A Seventh-day Adventist Organization

Religion and Health Study



 

For He who formed our frame,

Made man a perfect whole ;

And made the body’s health depend

Upon the living soul.

-Jones Very, 1863

[dropcap]“T[/dropcap]his is one of my favorite poems about religion and health,” says Dr. Jerry Lee, PhD, professor in Health Promotion and Education at the Loma Linda University School of Public Health. He adds, “Ellen White made a very similar statement [in Patriarchs and Prophets] when she said, ‘Faith in God’s love and overruling providence lightens the burdens of anxiety and care. It fills the heart with joy and contentment in the highest or lowliest lot. Religion tends to promote health, to lengthen life, and to heighten our enjoyment of all its blessings.’”

Ever since a National Geographic article entitled “The Secrets of Long Life” was published in 2005 by researcher Dan Buettner,  citizens of Loma Linda have prided themselves in being identified as some of the healthiest people in the world. A subsequent book, Blue Zones: Lessons for Living Longer From the People Who’ve Lived the Longest, also by Buettner, was published in 2008.

According to a cohort profile published in the International Journal of Epidemiology in 2008, research in 1969 found that among individuals surviving past age 35 Adventist women in California lived 3.7 years longer than their counterparts and Adventist men 6.2 years longer. In a later, larger California sample, the differences were even more prominent—4.4 years for women and 7.3 years for men. Exercise, vegetarian diet, not smoking, eating nuts and social support have been found to predict longevity in Adventists. Yet even when these and several psychological variables are controlled, church attendance still predicts greater longevity.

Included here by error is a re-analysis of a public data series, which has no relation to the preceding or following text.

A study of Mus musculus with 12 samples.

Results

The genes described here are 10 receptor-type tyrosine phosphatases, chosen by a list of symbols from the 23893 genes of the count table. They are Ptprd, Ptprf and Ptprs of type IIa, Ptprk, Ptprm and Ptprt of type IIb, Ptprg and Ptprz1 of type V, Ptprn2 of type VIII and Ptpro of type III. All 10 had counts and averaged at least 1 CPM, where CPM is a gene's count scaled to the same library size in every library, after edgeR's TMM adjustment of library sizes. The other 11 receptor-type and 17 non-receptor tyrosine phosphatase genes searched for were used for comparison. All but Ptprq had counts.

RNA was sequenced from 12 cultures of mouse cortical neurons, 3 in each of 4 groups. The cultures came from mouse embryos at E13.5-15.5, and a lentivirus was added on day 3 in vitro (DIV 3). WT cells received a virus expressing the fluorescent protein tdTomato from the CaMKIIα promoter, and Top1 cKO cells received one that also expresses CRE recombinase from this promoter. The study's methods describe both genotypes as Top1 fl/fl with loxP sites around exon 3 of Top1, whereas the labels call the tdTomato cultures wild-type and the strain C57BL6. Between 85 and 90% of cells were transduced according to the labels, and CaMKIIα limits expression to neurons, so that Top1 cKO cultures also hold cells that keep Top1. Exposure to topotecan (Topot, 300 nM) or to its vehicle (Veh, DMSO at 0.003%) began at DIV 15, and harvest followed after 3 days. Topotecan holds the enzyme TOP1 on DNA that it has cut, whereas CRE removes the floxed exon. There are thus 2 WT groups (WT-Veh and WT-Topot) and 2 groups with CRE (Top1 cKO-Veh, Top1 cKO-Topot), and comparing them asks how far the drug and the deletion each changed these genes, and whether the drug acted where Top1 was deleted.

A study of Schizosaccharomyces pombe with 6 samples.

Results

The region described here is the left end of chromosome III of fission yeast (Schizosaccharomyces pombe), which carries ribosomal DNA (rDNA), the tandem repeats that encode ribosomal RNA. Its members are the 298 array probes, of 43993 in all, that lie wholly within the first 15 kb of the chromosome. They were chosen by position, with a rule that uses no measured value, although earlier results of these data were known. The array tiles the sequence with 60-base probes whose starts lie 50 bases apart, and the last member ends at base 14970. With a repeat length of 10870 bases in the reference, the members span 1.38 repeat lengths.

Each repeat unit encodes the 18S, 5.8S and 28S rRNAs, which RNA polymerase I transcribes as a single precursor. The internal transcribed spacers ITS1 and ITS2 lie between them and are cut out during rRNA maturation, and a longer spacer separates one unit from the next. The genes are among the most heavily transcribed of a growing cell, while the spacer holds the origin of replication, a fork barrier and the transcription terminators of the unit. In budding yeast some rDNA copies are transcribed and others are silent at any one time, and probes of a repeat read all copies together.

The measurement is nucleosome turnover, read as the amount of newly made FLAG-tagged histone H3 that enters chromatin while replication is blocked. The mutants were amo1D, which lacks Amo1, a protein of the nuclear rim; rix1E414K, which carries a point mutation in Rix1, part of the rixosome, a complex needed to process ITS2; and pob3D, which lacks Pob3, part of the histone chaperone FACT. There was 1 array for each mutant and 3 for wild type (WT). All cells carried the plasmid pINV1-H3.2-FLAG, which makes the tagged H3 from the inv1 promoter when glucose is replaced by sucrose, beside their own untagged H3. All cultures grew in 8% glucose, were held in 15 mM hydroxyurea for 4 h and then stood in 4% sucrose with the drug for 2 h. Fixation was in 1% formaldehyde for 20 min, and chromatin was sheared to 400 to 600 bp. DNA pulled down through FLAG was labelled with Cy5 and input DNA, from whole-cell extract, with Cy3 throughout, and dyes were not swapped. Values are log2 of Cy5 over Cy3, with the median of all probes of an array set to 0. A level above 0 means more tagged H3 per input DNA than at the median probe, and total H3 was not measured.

As more eyes turned to Loma Linda as an epitome of healthy living, Dr. Lee and others at Loma Linda University realized that interest was growing regarding the association of both mental and physical health with religion or spirituality. They began a sub-study of the Adventist Health Study in 2006 called the Adventist Religion and Health Study.

“If you’re involved religiously, then you’re less likely to report depression and anxiety and negative feelings,” says Dr. Lee. “Religious engagement tended to lower negative social interactions [and] improved physical health because it lowered negative emotionality.

Just like the well-known optimist/pessimist dichotomy, religion can have positive or negative effects on a person depending on their mindset. A pessimistic person may work out their problems in life viewing them as God punishing them for their sins while an optimist will tend to work with God through their problems instead of attributing the problems to him.

“There’s a set of religious variables called positive religious coping that essentially is things like feeling that you’re working together with God on a problem, feeling that if you are experiencing difficulties, God is going to help you learn something from it,” says Dr. Lee. “Positive religious coping, versus negative religious coping, if you have a stressful event for you, you just leave it in God’s hands and ignore it or you believe God is punishing you for your sins.”

The study is ongoing and utilizes a variety of Adventists ranging from not religious to very religious. Another aspect investigated was sabbath activities. “We have found that there’s a relationship between Sabbath keeping and mental health.” Says Dr. Lee.

According to the AHRS website, “In this study we are trying to understand, in a nationwide sample of Adventists, what specific aspects of religion account for better or worse health. We are also trying to trace some of the biopsychosocial pathways to health. The study research group includes members from the Schools of Public Health, Medicine, Religion, and the Department of Psychology. The study is funded by the National Institute on Aging.”